Bundesliga Match Facts Analysis: How Bayern Munich came from behind to beat Borussia Dortmund in Der Klassiker


Bayern Munich staged a spectacular comeback from 2-0 down to beat Borussia Dortmund 4-2 in a thrilling Klassiker. Using Bundesliga Match Facts powered by AWS, we explain how the record champions did it...

Average Position: Trends, Attacking Zones and Most Pressed Player - the newest Bundesliga Match Facts powered by AWS - form the crux of the analysis.

Dortmund opt for flexibility

Dortmund made a handful of changes to the side that beat promoted Arminia Bielefeld 3-0 on Matchday 23. With Jadon Sancho, Raphael Guerreiro and Gio Reyna out injured, right-back Thomas Meunier made his first Bundesliga start since 19 January; defender Dan-Axel Zagadou was back in the starting line-up for the first time since 16 January; left-back Nico Schulz earned his first start since 5 December; while attacking midfielder Thorgan Hazard last began a Bundesliga game on 31 October.

Watch: Highlights of Bayern's sensational comeback win over Dortmund in Der Klassiker

For interim coach Edin Terzic, tactical flexibility was a must if BVB were to withstand Bayern's suffocating attacks, and that meant sacrificing midfielder Jude Bellingham for imposing defender Zagadou. "We have to be equipped for each phase of the game," Terzic explained prior to the contest. Die Schwarzgelben duly began with a compact three-man backline, which they maintained after Erling Haaland put them 2-0 up inside the first 10 minutes.

As illustrated by Average Position: Trends, Bayern - by contrast - adopted their customary 4-2-3-1 formation. The backline was stationed almost at the halfway line, while central striker Robert Lewandowski regularly dropped back into midfield. His first of three goals is a case in point. The Poland captain instigated the move from a wide-right position, before moving inside to apply the finishing touch to Leroy Sane's low cross-shot.

Dortmund played with three- and four-man defences in the first half in a bid to hold off a resurgent Bayern. - DFL

Terzic switches system

Terzic was not happy with the way his team were allowing themselves to be increasingly hemmed in by Bayern in the ensuing phase. So he changed his system around the 35 minute mark. Emre Can moved from defence into midfield as BVB switched to a four-man defence. Initially, it looked like Dortmund would break free of Bayern's grasp, but then Mahmoud Dahoud caught Kinglsey Coman in the box. Lewandowski converted from the penalty spot in the 44th minute to send the teams in level at half-time.

After the restart, Dortmund reverted to their starting system, with Can part of a back three. However, Terzic's side pressed much harder than in the second period of the first half, and didn't allow themselves to be pushed so far back into their own half. Centre forward Haaland - replaced by another rangy left-footer in Steffen Tigges on the hour - occupied a much deeper position inside the Bayern half. Until the closing stages, Dortmund appeared to be on course for a point - but then came late goals from Leon Goretzka (89') and Lewandowski (90').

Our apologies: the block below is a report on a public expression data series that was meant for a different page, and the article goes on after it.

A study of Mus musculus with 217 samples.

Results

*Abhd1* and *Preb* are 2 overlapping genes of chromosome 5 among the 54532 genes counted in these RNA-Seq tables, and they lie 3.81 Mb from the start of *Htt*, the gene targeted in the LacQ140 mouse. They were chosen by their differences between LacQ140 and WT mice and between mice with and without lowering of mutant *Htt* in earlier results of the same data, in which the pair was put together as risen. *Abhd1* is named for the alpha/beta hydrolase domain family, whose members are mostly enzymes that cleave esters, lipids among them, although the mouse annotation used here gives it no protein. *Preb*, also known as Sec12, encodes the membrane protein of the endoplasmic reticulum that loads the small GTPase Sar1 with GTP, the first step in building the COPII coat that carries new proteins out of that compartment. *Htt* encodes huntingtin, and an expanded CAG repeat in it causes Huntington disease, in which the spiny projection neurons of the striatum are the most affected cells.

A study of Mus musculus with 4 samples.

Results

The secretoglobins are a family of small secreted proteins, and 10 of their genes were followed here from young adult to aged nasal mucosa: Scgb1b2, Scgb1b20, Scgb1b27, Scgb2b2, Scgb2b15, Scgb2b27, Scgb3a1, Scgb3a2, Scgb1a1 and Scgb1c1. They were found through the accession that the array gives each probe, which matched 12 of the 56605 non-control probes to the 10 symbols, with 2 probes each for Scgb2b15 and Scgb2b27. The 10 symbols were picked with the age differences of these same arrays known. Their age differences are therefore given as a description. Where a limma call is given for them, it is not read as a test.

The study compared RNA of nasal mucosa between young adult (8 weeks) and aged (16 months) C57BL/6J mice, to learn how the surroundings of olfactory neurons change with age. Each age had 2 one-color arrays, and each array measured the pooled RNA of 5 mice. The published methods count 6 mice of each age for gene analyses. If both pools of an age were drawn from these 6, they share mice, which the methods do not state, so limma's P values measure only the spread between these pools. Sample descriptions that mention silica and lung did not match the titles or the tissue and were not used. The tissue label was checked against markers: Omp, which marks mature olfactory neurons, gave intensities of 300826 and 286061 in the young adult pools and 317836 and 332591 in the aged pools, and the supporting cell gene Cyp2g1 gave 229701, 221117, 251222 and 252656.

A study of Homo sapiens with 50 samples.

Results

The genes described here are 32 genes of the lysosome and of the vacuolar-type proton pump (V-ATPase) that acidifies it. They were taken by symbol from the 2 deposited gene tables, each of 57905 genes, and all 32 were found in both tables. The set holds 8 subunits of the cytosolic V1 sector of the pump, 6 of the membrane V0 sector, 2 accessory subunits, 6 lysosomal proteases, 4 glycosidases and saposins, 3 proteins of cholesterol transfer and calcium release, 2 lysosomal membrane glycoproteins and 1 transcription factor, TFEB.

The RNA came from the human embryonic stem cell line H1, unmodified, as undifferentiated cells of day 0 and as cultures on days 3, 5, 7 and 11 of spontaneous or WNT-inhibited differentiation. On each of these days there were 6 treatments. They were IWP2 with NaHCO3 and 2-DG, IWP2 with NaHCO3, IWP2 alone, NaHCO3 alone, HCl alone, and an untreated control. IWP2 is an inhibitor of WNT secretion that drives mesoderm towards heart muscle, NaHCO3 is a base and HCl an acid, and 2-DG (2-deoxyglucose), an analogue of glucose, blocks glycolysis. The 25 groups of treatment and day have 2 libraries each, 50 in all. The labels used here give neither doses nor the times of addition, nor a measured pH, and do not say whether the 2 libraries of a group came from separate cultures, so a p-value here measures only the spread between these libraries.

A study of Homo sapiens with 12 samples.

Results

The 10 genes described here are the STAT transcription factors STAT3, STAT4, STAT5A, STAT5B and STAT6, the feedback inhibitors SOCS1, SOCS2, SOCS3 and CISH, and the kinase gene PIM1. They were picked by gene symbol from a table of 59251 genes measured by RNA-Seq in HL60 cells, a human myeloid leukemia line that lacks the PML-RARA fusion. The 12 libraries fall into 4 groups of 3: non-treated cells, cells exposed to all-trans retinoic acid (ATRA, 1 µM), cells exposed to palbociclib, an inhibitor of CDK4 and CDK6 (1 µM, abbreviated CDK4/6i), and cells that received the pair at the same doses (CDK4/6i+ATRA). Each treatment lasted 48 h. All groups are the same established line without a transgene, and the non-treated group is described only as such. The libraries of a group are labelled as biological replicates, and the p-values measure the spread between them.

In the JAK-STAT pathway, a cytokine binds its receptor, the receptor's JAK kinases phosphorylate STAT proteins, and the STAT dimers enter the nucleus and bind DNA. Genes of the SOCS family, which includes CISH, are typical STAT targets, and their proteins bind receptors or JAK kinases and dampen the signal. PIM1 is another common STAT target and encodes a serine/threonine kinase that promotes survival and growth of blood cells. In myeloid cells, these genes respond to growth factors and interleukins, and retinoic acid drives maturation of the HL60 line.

Kingsley Coman was an constant outlet on the left-hand side of the Bayern attack. - DFL

Attacking Zones: Bayern overload the left-hand side

Dortmund were at their best between the first and 30th minute, but failed to lay a glove on Bayern for the remainder. In the early stages, BVB showed real variety in their attacking zones, with their quick switches from one side to the other exposing gaps in the Bayern defence time and again.

Unlike Die Schwarzgelben, who displayed no real preference when on the attack, Bayern heavily favoured the left-hand side. In the first half, 49 percent of their attacks came down the left, with a further 24 percent via the left-hand half space. In contrast, 20 percent were played out on the right, including Lewandowski's first effort for 2-1. Attacks using the right-hand half space totalled six percent.

Even though the ratios were a little more balanced in the second half, the left-hand side remained Bayern's preferred attacking zone, accounting for 44 percent of their forward forays. The move that ended in Lewandowski completing his hat-trick in the 90th minute started on the left.

Watch: How does Robert Lewandowski score his goals?

Most Pressed Player: Thomas Müller marginally ahead of Kingsley Coman

With Bayern focusing the majority of their attacks down the left, it was no surprise that left winger Coman was, for long periods, the Most Pressed Player - that is, the player who was most often subjected to significant pressure when in possession. BVB pressed him 30 times in the first half alone, and it's no coincidence that he was the man brought down for the penalty which Lewandowski put away for 2-2. When Coman was substituted in the 66th minute, he'd been pressed 47 times.

Only Thomas Müller faced more opposition presses (48). Mr. Bayern threw everything at Dortmund, particularly in the closing stages. He also won more challenges than any other player on the pitch (16). And while he did no have a direct hand in any of Bayern's four goals, the Bundesliga Match Facts highlight the extent of his contribution to a famous win.